Bicycles and motorcycles join cars and trucks on the road with no surrounding structure to protect their operators from injury. Therefore, it’s not surprising that cyclists are far more likely to suffer critical and fatal injuries on the road than passengers in vehicles. In fact, on average, motorcyclists are over 5 times more likely to be seriously injured, and 27 times more likely to die, than passenger car occupants per vehicle mile traveled.
These are alarming statistics, but forewarned is forearmed. If you’re a motorcycle enthusiast, or a conscientious car driver, being aware of the ten most common causes of motorcycle accidents may help you avoid serious consequences:
1. Dooring. Many motorcycle accidents happen when a car or truck driver opens the door of their parked vehicle into the path of an oncoming motorcycle. Car drivers can avoid “dooring” oncoming motorcyclists by using the “Dutch reach”, a maneuver created and used widely in Amsterdam where there are more cyclists on the road than vehicles. When you are about to exit your car, reach across your body for the door handle with your far or opposite hand. This action forces you to turn toward the side view mirror and to naturally look back over your shoulder to be sure a cyclist is not coming from behind.
2. Left turn accidents. One of the most common causes of injury or death to motorcycle riders include misjudgments of distance and right-of-way errors.
3. Dangerous conditions. For a motorcyclist, rain, snow and ice are not the only dangerous road conditions. Potholes, trash in the road, and crumbling surfaces create skidding, causing the motorcyclists to lose control. A lack of appropriately placed road signs and signals can also contribute to dangerous road conditions for the motorcyclist.
4. Unsafe lane changes. A driver’s failure to check blind spots before changing lanes is a contributing factor to motorcycle accidents. Always signal an impending lane change.
5. Speeding. Driving at excessive speed reduces your chance of seeing and reacting to other drivers in time to prevent an accident. The higher the speed, the greater the impact and the more severe the collision…and its consequences.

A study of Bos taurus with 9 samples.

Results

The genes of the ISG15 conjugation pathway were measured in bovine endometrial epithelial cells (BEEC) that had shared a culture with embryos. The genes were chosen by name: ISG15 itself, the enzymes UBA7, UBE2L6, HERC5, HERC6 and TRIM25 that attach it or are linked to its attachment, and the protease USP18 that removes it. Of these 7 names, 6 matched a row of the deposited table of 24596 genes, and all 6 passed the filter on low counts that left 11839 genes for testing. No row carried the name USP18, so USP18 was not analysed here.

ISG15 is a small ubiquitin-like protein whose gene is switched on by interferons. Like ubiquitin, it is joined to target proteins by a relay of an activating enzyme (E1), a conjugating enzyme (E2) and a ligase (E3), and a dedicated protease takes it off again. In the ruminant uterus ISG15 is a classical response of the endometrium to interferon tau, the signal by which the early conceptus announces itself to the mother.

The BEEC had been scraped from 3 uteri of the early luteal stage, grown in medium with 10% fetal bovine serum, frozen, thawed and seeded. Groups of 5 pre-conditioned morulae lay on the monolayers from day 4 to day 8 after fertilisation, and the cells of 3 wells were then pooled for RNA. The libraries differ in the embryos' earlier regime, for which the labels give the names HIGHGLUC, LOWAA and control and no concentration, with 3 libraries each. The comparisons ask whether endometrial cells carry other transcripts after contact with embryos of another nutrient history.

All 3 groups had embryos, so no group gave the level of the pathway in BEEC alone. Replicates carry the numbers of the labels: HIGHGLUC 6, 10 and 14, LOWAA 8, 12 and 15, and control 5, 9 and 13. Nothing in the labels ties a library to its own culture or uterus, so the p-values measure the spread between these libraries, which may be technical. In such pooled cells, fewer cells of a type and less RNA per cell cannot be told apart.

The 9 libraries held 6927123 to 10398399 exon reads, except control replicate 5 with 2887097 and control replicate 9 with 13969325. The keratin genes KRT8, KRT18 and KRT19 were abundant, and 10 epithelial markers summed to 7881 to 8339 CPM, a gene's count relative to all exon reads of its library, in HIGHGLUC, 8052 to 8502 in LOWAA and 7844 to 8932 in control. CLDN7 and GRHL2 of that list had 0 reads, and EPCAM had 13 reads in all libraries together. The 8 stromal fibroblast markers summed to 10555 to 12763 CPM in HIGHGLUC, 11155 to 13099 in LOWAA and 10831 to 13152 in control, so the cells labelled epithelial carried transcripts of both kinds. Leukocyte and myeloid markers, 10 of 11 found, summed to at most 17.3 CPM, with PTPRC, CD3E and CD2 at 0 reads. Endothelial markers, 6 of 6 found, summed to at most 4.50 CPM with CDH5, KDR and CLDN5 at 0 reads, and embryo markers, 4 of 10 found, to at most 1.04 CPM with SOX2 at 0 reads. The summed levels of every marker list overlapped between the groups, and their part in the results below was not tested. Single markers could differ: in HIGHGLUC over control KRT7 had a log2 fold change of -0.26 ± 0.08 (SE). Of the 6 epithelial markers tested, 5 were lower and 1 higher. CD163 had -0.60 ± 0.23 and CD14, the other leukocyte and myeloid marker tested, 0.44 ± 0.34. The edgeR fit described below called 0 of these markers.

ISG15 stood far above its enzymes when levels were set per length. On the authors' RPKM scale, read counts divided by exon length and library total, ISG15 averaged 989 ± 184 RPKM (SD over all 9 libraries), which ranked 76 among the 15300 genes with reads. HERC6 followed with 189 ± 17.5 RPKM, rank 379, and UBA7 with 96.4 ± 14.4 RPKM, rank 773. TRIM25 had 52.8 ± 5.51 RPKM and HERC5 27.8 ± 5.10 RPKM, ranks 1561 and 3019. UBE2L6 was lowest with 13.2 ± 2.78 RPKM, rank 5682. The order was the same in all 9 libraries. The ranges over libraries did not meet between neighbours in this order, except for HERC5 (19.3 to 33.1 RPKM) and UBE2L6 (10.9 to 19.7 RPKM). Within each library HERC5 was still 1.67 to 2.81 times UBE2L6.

6. Lane splitting. Driving between two lanes of traffic is called “lane splitting.” Sometimes called “whitelining” or “stripe riding”, motorcyclists do this to bypass traffic congestion and avoid having to stop and start. Although legal in Europe and Asia, California is the only US state that allows lane splitting.
7. Sudden stops. Following the vehicle in front of you at an adequate distance is Safe Driving 101. Especially when driving behind a motorcycle, avoid rear-end collisions caused by an abrupt stop. Motorcycles are able to stop and turn more quickly than larger vehicles and a driver following a motorcyclist needs time to react to their quick movements. Always allow plenty of following distance when behind a motorcycle.
8. Motorcycle defects. When a motorcycle accident resulting in death, injury, or disability can be attributed to defective or poorly designed parts, the manufacturer can be held liable.
9. Erratic or inexperienced drivers. Motorcyclists should pay close attention to drivers who appear to be making rookie mistakes, are drifting over lines, or appear distracted. Giving those drivers a wide berth can save your life.
10. Driving under the influence. Maryland law prohibits the driver of any motor vehicle, including motorcycles, from driving under the influence of alcohol. Don’t. Just don’t.
Arthur C. Crum, Jr. is a practicing motorcycle injury attorney, serving areas of Western and Central Maryland including Frederick, Hagerstown, Frostburg, and beyond. To discuss your case, call the law office of Arthur C. Crum, Jr., today. We offer free consultations and there are no legal fees or costs unless we recover for you.